When Jean-Marie d’Aumout tastes Roquefort for the first time, his passion for taste is awakened. He is an orphan in 18th century France but is rescued by the side of a dung heap, where he is feasting on beetles, and sent off to a school for penniless noble sons. His experiments in taste know no bounds but a chef is not a life for a nobleman and he finds himself at military school where he befriends boys who can make or break his life in French society.

The Last Banquet had me swaying between hungry and queasy with Jean-Maries exploration of taste. Because he doesn’t just eat fine French food but pretty much anything that appears edible. And plenty of cats. He also likes to describe the taste of women, which just made me think of the exaggerated description wine experts give and felt a bit silly. But we are in the French 18th century and can only expect a bit of sex in the story. It did make me cringe when he stops to “taste” a poor woman who is hanging upside down from her horse, which was possibly the point where I thought I might give up on this book.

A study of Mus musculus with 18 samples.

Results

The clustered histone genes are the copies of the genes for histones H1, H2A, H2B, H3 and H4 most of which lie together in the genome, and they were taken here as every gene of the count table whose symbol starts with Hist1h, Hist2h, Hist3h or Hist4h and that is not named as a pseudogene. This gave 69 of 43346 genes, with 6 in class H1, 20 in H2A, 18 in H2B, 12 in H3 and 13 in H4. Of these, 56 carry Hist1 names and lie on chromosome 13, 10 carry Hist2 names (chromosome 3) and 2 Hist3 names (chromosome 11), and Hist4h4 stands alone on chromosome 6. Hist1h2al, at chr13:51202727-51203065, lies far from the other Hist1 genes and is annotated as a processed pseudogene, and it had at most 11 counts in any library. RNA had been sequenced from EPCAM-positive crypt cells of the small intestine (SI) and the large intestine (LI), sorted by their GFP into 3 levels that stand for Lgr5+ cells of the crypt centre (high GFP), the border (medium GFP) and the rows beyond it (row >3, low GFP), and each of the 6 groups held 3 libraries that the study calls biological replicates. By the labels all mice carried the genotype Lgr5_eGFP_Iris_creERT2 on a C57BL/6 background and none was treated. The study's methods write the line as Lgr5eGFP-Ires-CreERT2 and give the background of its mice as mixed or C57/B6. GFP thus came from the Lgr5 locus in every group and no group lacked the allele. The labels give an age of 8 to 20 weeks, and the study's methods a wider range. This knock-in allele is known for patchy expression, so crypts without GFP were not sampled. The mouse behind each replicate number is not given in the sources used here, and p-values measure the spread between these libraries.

I generally need to be able to connect emotionally with the characters to be fully immersed in a book and it just wasn’t happening for much of the book. It is only actions later in his life that made me start to care what happened to him. His relationship with the tiger was more real than anything else. This made the ending fitting for me as his friends and wives seemed fleeting in the context of the novel.

What Grimwood does brilliantly is the aging of his narrator. The novel spans a man’s entire life and that man evolves across the years. From the small boy with little awareness of the world around him, through a thoughtless and at times cruel boyhood through marriages up to a resigned adult. I liked learning a little French history, especially around the politics of nobility. And I absolutely loved the fact that Jean-Marie’s fake job with the court meant his home was filled with the rejects from the royal menagerie.

Although the revolution plays only a small part, Jean-Marie’s lifetime does follow a volatile period in French history. This perspective shows a different injustice. A man who has risen from the dung heap and has been kind to peasants, still gets treated despicably because of his heritage. I was actually quite angry that his good deeds were not taken into account even if he was rather an odd man.

The Last Banquet is published by Canongate and is now available in hardback and ebook editions. Thanks go to the publisher for providing a copy for review. Grimwood also writes sci-fi and fantasy as Jon Courtenay Grimwood.